NHS Ayrshire and Arran criticised over serious incident report failures
A health board which withheld reports on serious incidents is facing more criticism from NHS inspectors.
Healthcare Improvement Scotland (HIS) found significant weaknesses in how NHS Ayrshire and Arran handled critical incident and adverse event reports.
Ministers ordered the review after a staff complaint to the information commissioner revealed the health board had not released more than 50 reports.
These covered events at hospitals and clinics, including 20 patient deaths.
The chain of events unfolded after a nurse employed by the health board became concerned when he was involved in a critical incident, but never received a copy of the findings.
Rab Wilson was told he was not entitled to read the report, and would have to apply under Freedom of Information (FOI) legislation.
When Mr Wilson did make an FOI request, he was told by the health board that the reports were exempt from disclosure because of patient confidentiality.
Realising that dozens of similar reports had also been withheld, Mr Wilson appealed to the information commissioner, who then ordered NHS Ayrshire and Arran to release anonymised versions of the reports.
Following the release of the reports, Health Secretary Nicola Sturgeon ordered an investigation into procedures at NHS Ayrshire and Arran by HIS.
The more serious incidents which emerged in the reports involved three missed chances to diagnose cancers; the death of a patient who was trapped in a faulty lift; a death which followed inadequate treatment of a leg wound; and two cases where psychiatric patients murdered or attempted to murder a relative.
Mr Wilson also asked Strathclyde Police to look at whether the health board deliberately covered up the circumstances surrounding the deaths of more than 20 patients.
No criminality was found, however, and the case has been closed.
HIS has now issued its findings into how NHS Ayrshire and Arran managed the reporting of "significant adverse events". Among the findings were:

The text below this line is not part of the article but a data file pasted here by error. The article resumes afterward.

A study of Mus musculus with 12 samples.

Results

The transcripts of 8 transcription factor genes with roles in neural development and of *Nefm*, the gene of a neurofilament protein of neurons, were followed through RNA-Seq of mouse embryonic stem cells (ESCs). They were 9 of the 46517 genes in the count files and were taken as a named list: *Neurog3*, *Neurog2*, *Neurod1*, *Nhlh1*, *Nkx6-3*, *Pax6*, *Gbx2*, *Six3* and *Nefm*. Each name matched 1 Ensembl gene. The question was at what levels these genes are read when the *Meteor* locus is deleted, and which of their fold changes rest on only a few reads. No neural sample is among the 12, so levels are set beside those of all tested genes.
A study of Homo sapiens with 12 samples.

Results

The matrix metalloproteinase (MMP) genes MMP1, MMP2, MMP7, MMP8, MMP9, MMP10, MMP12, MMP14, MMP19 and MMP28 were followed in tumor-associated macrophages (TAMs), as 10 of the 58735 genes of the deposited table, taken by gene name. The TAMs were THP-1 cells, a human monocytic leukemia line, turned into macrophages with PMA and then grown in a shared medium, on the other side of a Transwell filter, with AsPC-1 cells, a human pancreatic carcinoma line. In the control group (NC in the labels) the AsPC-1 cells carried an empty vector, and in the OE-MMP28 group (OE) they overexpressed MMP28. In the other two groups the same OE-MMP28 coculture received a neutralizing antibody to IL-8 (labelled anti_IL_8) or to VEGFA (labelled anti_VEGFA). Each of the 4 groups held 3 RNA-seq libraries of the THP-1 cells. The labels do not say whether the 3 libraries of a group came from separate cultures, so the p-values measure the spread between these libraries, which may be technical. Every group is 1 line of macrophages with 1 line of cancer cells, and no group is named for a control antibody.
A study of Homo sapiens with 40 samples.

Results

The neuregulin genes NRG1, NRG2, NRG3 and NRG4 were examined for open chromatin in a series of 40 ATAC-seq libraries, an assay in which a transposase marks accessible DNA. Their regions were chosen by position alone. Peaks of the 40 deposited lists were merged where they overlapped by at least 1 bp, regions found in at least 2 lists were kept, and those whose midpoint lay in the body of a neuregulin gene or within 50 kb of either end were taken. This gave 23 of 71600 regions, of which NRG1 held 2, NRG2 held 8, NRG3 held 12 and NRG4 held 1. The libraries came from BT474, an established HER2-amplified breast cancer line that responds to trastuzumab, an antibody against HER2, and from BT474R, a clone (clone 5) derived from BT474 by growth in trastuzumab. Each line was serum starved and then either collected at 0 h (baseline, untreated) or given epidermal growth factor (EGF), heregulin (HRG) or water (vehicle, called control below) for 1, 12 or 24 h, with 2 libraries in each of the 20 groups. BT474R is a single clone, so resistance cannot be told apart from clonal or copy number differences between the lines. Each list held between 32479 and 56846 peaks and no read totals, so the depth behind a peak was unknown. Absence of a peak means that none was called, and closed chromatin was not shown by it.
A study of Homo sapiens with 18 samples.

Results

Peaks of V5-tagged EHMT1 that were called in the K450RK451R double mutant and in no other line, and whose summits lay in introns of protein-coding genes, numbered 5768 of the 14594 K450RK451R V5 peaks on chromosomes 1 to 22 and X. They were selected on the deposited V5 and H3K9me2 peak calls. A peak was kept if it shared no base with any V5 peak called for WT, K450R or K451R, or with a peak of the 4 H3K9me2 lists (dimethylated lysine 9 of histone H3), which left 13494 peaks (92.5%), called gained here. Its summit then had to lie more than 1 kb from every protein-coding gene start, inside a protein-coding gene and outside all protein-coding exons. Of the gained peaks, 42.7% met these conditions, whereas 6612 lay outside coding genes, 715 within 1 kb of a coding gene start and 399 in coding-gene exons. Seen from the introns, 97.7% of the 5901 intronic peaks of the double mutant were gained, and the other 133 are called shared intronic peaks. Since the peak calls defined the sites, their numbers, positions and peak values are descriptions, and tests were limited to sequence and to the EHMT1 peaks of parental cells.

- a lack of clarity on the lines of accountability and reporting
- complex and unwieldy clinical governance structures
- confusion regarding staff understanding of their scope to share information
- substantial shortfalls related to staff involvement, action planning and wider learning, and
- weaknesses in decisions to undertake adverse event reviews.
Robbie Pearson, director of scrutiny and assurance for HIS, said: "During the review, we identified material weaknesses in the management of significant adverse event reviews and in sharing the lessons learnt.
"Many of the issues relate to document control and systems of governance. However, the review group felt that the more substantial shortfalls related to staff involvement, action planning and the dissemination of wider learning.
"We believe that implementation of our report's recommendations - both by NHS Ayrshire and Arran and the wider NHS in Scotland - will significantly improve patient safety and ensure we continue to learn from adverse events in order to minimise the risk of them happening again."
Following publication of the HIS report, Health Secretary Nicola Sturgeon said: "NHS Ayrshire and Arran will be taking forward actions to respond to the recommendations of this review as a matter of urgency and have already put in place a detailed improvement plan.
"It is vital that lessons are learned from adverse events in order to improve patient safety and the quality of healthcare services.
"That is why I have instructed that a national framework for the management of adverse events be developed for the first time. We need a consistent approach across NHS Scotland that supports a culture of openness, trust and service quality improvement."
Ms Sturgeon said that all health boards in Scotland must consider the recommendations from the report and HIS would check over the next year "to ensure that appropriate action has taken place".